Ghostrunner (opens in new tab) was revealed last year as a kind of Mirror's Edge-meets-Dishonored in a gritty cyberpunk world: A first-person action game in which you become a super-powered cyborg with an electro-grapple and a laser sword who murders guys for... some reason. Not that reasons matter too much, really—the gameplay teaser made it look very fast and stylish, with plenty of wall-running, slow-motion dodging, and dash-and-slash decapitations.
The game takes place in a typical ugly cyber-future in which humanity huddles in a great tower-city, the last shelter from some devastating global cataclysm. The tower was built by the Architect, who died long ago under mysterious circumstances, and is now ruled by the Keymaster, who's a real dick, and your place in society is determined solely by the type of implants you were given in childhood. Bad implants, bad life, and there's nothing you can do about it.
All of that is window dressing, but it also serves to justify your blade-swinging ways—a rebellion has started and, no surprise here, it sounds like you might be involved somehow—and the demo hints at a bigger story going on, with behind-the-scenes powers struggling to assert themselves over a dying civilization. That part of it is impossible to ascertain at this point, and it may not matter anyway. Flying Wild Hog's similarly stylish cyber-FPS Hard Reset (opens in new tab) featured one of the most utterly incomprehensible excuses for a plot I've ever encountered in a videogame, and I loved it anyway. Sometimes, you just want to mess people up real good.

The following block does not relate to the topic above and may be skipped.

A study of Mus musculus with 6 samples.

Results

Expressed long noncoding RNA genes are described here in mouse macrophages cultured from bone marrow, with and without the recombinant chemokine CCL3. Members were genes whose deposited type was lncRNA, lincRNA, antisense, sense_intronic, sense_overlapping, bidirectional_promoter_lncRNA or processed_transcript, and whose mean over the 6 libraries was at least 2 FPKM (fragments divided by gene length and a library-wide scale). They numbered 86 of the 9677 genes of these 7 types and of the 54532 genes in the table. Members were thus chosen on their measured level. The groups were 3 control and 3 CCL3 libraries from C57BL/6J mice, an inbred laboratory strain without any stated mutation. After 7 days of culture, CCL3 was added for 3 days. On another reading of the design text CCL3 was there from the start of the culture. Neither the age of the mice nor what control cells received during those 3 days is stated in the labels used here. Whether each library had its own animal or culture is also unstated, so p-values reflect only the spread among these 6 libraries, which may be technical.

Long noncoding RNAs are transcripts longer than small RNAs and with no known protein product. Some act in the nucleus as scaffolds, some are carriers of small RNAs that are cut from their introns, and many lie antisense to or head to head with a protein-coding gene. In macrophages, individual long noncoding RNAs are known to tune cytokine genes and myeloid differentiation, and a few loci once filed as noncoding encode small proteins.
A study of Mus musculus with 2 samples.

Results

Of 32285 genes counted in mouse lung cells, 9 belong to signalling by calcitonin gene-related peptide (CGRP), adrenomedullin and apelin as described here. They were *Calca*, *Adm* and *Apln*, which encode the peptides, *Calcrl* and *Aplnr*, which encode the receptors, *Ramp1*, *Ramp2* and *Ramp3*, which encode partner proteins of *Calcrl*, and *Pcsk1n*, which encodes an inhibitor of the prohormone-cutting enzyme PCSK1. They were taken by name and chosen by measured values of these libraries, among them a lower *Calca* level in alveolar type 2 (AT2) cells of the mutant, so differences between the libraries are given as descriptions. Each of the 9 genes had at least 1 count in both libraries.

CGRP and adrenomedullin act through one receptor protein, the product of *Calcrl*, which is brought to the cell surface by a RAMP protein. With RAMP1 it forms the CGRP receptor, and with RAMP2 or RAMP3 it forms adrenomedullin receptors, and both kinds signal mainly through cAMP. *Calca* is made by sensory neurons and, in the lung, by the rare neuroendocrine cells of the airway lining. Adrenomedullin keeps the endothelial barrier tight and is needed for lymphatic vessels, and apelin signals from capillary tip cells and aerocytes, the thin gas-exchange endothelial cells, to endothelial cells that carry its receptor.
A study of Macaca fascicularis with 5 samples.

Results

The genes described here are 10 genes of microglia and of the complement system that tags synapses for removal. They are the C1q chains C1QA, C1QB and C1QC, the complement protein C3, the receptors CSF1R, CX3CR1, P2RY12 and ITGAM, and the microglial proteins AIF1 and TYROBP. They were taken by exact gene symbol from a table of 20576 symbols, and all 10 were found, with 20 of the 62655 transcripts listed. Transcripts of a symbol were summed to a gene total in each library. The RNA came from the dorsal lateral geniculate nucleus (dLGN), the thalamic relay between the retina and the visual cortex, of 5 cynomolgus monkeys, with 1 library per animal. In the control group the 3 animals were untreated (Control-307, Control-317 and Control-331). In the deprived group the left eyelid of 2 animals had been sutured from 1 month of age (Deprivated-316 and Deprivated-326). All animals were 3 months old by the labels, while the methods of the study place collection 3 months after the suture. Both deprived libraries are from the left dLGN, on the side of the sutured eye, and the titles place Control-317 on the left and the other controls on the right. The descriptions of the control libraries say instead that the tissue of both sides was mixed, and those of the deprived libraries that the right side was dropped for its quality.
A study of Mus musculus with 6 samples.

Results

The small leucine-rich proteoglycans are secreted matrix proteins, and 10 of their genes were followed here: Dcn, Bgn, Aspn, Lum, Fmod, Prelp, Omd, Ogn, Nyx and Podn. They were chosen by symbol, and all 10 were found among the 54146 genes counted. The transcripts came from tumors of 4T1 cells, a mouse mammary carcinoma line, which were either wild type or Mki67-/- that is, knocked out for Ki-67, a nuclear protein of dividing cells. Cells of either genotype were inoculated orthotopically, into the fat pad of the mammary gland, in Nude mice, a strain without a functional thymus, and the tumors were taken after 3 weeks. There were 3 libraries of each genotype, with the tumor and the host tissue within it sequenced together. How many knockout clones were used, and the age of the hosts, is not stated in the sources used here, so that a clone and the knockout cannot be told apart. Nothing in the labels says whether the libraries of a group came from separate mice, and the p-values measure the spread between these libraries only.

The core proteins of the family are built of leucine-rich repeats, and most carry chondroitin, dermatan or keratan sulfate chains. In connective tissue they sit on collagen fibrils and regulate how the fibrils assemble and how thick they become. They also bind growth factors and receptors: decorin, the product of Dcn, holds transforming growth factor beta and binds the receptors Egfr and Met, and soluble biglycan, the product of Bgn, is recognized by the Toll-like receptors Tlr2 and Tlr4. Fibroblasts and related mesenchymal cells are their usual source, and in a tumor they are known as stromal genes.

Today the Ghost Runner developers—One More Level, 3D Realms, and Slipgate Ironworks, all apparently sharing the duties—released a time-limited demo on Steam, and it is very much as it appeared in the trailer, which is to say grim, fast, and bloody. The demo is brief but nicely polished, and does a nice job of introducing the movement and combat systems. I found it incredibly frustrating in spots, because it's so completely committed to the concept of "move or die," but my temper cooled as I got better at chaining movements fluidly and dashing side-to-side instead of straight ahead (typically head-on into a bullet) and I was eventually able to hack-and-slash my way to the end without smashing my keyboard to pieces.
For some reason, the Ghostrunner demo is only available for a week, from today until May 13, so don't dawdle if you want to try it. The full game is expected to be out later this year, and there's a website with more up at ghostrunnergame.com (opens in new tab).